Preserved in time

Create lovely cards and pictures for yourself and others using the age-old craft of pressing flowers

Words Sarah Heeringa. Photography Jessie Casson.

Pressing flowers was a practical way for the earliest explorers and botanists to preserve specimens from the wild for later study. It’s also a simple way to capture a passing moment of natural beauty – an idea that was turned into an art form by our flower-pressing Victorian great grandmothers.

I’m fortunate to have the use of a flower press that once belonged to my great Aunt Kath, but you don’t need a press to get started. You can even press flowers at speed using an iron or a microwave. Here’s how.

Collecting your flowers

The drier the flowers the better they will press, so the best time to collect your herbs or flowers is in the morning after the dew has dried or in the early evening before the dew falls again. It’s best not to gather flowers when it’s raining. Ideally, allow a day or two for them to dry out before being picked.

Go for a wander with sharp scissors ready to snip a flower here or there. If you don’t have access to a garden, walk around the neighbourhood looking for wildflowers, pretty weeds, blossoms on trees or flowers growing over fences. You only need a few blossoms so you can afford to be choosy. With tiny plants you might want to press the entire thing, including leaves and roots. Use a small knife to loosen the soil and carefully pull the plant from the ground, keeping everything intact.

You can press chunkier flowers with thick centres such as marigolds or daisies, but first carefully remove the petals from the centre and press them individually. Once the petals are dry, you can reassemble them without the centre or in some other free-flowing arrangement.Look for blossoms that do not have thick petals, as these hold a lot of water, making them difficult to dry. The easiest flowers to press are ones with naturally flat blooms such as violets, pansies, cosmos, larkspur and individual rose petals. Ferns, various types of leaves and many herbs including borage, wild sage and lavender also press well.

Pressing matters

You can press flowers using a traditional press, heavy books or by using an iron. Whatever method you use, you need a few sheets of paper to layer above and below your flowers. The paper draws the moisture out of the petals, and also prevents any petals from staining or sticking to the press or pages of the book. The best paper to use is simple, plain white printing paper. Tissue paper is not strong enough and textured paper towels can imprint your flower.

Make sure your flowers or herbs are clean and dry. Trim off any bulky leaves and lay them out on the paper with enough space so they don’t overlap each other. Lay a second sheet of paper on top.

If you are using a press, lay a small sheet of padded cardboard on the bottom of the press, then your paper layers and flowers. Add another sheet of cardboard and the top of the press. Evenly tighten the four corner screws to apply an equal amount of pressure across the press. Set aside for several weeks.If you are pressing them inside a book, allow 5mm of pages between each layer of flowers. Weigh the book down with more books or other heavy objects. Leave for several weeks. Be aware that pressing several layers of flowers in a book can sometimes crack or weaken the spine or push pages out of shape, so use books that are not precious. Keep an eye out at garage sales for heavy encyclopedias, dictionaries or old textbooks.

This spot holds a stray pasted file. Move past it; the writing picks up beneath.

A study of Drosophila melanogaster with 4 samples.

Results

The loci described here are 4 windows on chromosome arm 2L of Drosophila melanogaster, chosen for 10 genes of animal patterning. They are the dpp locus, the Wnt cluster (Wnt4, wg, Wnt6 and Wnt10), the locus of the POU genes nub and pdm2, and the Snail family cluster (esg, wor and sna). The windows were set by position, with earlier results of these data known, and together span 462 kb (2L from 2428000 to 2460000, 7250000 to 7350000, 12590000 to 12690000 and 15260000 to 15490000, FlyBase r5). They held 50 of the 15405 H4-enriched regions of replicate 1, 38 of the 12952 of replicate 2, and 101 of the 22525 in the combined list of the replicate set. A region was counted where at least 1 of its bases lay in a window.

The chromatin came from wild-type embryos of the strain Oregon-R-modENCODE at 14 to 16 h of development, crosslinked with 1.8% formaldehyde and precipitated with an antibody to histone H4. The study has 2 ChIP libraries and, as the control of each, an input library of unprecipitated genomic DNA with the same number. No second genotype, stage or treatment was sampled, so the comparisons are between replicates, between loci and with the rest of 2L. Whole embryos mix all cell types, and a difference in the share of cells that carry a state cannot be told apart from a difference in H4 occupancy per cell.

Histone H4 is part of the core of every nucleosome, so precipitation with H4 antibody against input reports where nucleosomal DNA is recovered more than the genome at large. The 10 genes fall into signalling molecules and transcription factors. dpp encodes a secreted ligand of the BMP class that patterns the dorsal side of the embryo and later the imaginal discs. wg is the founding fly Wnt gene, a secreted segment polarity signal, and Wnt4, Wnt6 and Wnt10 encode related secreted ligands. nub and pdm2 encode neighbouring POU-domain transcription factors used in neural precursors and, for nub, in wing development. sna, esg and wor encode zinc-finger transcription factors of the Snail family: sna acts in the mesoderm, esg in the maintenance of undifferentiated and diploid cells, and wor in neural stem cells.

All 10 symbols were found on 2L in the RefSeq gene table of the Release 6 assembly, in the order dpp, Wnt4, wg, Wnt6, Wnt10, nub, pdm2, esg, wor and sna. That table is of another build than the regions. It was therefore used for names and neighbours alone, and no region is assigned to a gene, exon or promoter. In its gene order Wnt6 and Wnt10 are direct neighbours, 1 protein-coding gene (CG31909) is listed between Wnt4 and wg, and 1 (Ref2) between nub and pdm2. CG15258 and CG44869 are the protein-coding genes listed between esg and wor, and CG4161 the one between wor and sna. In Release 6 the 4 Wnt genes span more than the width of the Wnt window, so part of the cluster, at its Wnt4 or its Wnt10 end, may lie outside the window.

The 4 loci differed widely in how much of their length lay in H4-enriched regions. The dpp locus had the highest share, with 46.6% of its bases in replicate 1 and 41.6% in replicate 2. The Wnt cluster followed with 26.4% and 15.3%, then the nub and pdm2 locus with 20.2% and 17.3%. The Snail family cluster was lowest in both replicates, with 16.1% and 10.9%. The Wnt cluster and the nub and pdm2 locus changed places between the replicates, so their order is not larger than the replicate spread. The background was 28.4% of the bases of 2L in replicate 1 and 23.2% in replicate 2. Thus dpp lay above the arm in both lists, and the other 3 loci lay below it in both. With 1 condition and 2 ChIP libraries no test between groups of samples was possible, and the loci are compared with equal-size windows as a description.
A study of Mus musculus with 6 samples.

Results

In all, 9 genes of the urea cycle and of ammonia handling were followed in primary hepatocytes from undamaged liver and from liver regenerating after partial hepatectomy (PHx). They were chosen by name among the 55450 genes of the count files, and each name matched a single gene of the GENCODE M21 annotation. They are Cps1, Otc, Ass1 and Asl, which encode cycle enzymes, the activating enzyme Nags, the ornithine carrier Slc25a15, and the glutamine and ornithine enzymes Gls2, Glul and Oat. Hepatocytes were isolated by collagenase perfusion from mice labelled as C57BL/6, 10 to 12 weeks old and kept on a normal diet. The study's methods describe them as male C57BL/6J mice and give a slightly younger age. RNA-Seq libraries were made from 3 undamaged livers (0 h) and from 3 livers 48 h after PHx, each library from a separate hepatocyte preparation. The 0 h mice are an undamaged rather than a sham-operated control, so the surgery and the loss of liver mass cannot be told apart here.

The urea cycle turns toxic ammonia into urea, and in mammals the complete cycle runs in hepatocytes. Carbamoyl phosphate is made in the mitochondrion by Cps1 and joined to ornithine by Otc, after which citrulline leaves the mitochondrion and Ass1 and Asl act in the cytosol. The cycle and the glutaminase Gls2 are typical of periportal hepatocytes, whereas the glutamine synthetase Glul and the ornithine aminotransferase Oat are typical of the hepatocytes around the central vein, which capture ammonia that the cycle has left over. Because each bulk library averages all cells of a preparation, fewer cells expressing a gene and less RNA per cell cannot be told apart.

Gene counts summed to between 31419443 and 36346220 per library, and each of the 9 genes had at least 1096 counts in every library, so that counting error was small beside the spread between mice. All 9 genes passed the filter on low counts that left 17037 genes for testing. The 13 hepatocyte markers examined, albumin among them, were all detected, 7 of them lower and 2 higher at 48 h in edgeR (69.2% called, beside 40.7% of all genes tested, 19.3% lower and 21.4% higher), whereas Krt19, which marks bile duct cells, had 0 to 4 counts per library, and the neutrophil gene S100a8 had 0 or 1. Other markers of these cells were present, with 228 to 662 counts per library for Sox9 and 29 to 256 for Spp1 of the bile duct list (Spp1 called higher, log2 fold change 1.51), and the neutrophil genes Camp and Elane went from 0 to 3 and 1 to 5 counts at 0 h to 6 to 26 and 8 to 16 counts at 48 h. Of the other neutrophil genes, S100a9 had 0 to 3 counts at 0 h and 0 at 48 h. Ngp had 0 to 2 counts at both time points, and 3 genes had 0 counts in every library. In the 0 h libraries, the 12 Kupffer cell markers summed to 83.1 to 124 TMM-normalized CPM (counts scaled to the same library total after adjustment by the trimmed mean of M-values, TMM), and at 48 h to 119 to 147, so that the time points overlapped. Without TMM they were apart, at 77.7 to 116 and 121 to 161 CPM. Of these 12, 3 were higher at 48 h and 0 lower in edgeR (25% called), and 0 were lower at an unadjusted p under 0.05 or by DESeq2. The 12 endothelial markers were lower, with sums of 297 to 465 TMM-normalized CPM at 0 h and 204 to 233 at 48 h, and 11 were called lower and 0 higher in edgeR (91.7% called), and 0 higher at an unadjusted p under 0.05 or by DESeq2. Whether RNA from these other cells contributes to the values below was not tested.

To speed up the process, zap your books and flowers in the microwave. Start with one minute, following with a series of zaps for 30 seconds at a time. Let the book cool down between zaps, opening up to let out any moisture or steam. Repeat several times, taking care not to burn the flowers. Transfer the flowers to a different book or flower press to complete the drying process.

To press flowers using an iron, lay a sheet of white printing paper down on your ironing board. Arrange your flowers on top and cover with another sheet of paper. Place a heavy hardcover book on top, taking care not to slide the book sideways. Push down on the book evenly for 2-3 minutes.

Tip out any water from your iron and set it to the lowest heat setting. Carefully remove the book. Place the iron evenly down on the paper and press, holding for 10 seconds. Lift the iron (taking care not to drag the paper sideways) and repeat across the sheet. Remove the top paper layer to reveal the pressed flowers.

Make your own simple press

Cut wooden boards into two equally-sized squares. (Thin pine or plywood offcuts are ideal). Drill holes in each corner.

Cut pieces of cardboard and blotting paper to fit between the boards, and layer it: wood, cardboard, blotting paper, plain white paper, flowers, plain white paper, blotting paper, cardboard, then repeat your layers etc. Place the other piece of wood on top and tighten the wing nuts. You could drill holes in your wood to help with ventilation, but don’t compromise the strength of your press.

Ideas for displaying your pressed flowers

Cut a piece of paper to fit a picture frame, then lightly coat it with spray adhesive. Carefully arrange your flowers how you want them. Place in the picture frame.

Experiment with different backing papers  including plain, handmade paper, old sheets of music or pages from old books.

If you don’t have sheets of glass, attach to a wall using small strips of Washi Tape.

If you have sheets of glass or perspex, but no frame, cut a cardboard backing board to fit and seal the mounted flowers between the cardboard and the glass using black or white electrical tape.

Mount pressed flowers or herbs onto small squares of card to attach to invitations or wedding table place name cards.